Last week, my colleague George Braunstein pointed out that the framework and approaches for delivering a continuum of behavioral health services had some real legs as population health management tools (see Bend The Cost Curve? We Need Behaviorally-Led Health Systems). Most physical health care delivery systems have outpatient clinic services and acute inpatient care—with little in between to support consumers in the community. Intensive community-based supports, more typical in behavioral health, offer great promise in supporting other chronic conditions.
That article brought a response that takes the argument a step further. Not only is the behavioral health service continuum framework a good model for population health management, but some of the behavioral health evidence-based practices (EBP) could be (and should be) adopted for managing the care for consumers with chronic diseases. That was the conclusion of my colleague Bob Dunbar, OPEN MINDS Senior Associate and former Executive Director for Adult & Child Mental Health Center, Inc. He pointed out that using behavioral health EBP for broader population health management created new opportunities—not just with the more robust non-facility based continuum, but also by routinely addressing social determinants, and engaging and leveraging consumers and caregivers.
On the continuum issue, the behavioral health system has developed, over a period of years, a more robust community-based continuum of outpatient services. He explained, “What health plans and ACOs need to do is rethink their continuum care. It’s a matter of decreasing emphasis on inpatient care—and increasing their investment in ambulatory and community-based services.”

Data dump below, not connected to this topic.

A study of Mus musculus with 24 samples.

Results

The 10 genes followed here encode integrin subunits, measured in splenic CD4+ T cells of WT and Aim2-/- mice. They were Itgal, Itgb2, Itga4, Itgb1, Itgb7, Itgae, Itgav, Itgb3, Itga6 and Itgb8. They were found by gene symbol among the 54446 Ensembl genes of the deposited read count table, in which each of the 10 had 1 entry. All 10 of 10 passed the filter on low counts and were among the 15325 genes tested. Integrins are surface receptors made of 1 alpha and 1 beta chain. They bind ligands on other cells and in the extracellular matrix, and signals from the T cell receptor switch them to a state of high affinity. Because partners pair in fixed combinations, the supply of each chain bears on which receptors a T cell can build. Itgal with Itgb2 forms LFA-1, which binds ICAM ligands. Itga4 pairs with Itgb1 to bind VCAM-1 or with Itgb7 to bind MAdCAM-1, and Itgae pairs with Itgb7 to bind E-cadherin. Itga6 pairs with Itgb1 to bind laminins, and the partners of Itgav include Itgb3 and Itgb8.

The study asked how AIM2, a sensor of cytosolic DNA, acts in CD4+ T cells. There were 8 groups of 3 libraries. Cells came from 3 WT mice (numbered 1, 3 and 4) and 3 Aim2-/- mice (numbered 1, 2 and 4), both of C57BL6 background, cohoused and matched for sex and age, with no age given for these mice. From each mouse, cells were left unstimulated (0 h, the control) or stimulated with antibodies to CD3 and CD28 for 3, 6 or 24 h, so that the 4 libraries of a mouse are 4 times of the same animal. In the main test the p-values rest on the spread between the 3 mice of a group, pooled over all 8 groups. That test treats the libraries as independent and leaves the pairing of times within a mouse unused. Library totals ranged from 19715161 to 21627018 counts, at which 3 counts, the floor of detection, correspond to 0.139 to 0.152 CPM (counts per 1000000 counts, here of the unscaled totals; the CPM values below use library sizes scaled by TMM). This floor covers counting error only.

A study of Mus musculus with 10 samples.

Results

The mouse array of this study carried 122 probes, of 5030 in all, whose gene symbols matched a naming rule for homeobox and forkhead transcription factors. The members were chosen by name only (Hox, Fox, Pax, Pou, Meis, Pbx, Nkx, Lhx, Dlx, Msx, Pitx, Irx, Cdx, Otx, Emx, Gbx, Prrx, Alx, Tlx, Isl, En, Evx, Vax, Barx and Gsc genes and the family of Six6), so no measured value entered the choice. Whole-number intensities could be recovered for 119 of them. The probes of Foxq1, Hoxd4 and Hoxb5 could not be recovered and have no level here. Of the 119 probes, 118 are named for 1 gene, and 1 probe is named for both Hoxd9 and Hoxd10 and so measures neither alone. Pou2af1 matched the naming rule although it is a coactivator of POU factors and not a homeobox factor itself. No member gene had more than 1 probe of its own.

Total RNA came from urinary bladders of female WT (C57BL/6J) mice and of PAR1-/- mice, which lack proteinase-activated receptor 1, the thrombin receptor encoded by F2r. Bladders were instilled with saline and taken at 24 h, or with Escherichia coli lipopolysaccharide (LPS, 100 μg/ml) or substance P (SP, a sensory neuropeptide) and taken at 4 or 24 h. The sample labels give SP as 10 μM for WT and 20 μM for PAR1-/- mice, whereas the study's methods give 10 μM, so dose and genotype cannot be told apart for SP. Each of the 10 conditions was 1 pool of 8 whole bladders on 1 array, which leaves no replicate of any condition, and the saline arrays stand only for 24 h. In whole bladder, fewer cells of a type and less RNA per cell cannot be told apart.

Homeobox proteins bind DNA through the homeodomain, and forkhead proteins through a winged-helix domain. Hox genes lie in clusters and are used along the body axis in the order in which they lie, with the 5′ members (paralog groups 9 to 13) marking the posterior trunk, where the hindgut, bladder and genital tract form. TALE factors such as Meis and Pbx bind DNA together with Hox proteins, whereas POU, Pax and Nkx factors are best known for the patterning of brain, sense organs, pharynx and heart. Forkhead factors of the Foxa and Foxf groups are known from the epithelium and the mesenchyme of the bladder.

Behavioral health evidence-based practices, such as supported employment and supportive housing (see Supported Employment Evidence-Based Practices (EBP) KIT and Permanent Supportive Housing Evidence-Based Practices (EBP KIT)), address social determinants of health. And, Mr. Dunbar also noted that health systems “could make greater use of case management services linking consumers to community supports that address social determinants of health.”
Finally, many behavioral health EBPs—like Illness Management Recovery (IMR) and person-centered planning—are designed to engage consumers and leverage their ability (and the ability of their caregivers) to understand and self-manage their illness. Behavioral health provider organizations have traditionally created partnerships with consumers to increase their understanding of, and self-management of, their illness by use of person-centered planning, education, and peer support.
Physical medicine could replicate the Illness Management Recovery (IMR) model (see Illness Management and Recovery Evidence-Based Practices KIT and The Illness Management and Recovery Program: Rationale, Development, and Preliminary Findings) that is used to educate people with behavioral health disorders. IMR brings both education about their condition and the tools required to self-manage illness. The IMR model also utilizes peer support, an approach that is not common for people with serious physical illnesses such as cancer and heart disease – but should be.
As the management teams of specialty provider organizations look ahead to managing care for the “whole person” in new value-based arrangements, creative adaptation of traditional behavioral health EBPs should be part of their service line development planning.
For more on meeting these challenge, join my colleague Joe Naughton-Travers, Senior Associate, OPEN MINDS on June 5 at The 2018 OPEN MINDS Strategy & Innovation Institute for the session, “How To Develop A New Service Line: Building A Diversification Strategy & Conducting A Feasibility Analysis,” featuring Teri Herrmann, MA, Chief Executive Officer, SPARC Services and Programs and Eleanor Castillo Sumi, Ph.D., BCBA-D, Vice President of Research and Program Development, Uplift Family Services.
And, join me on August 16 at The 2018 OPEN MINDS Management Best Practices Institute for my plenary address, What Is A Best Practice? Exploring The Role Of Evidence-Based Practices, Practice-Based Evidence & Big Data.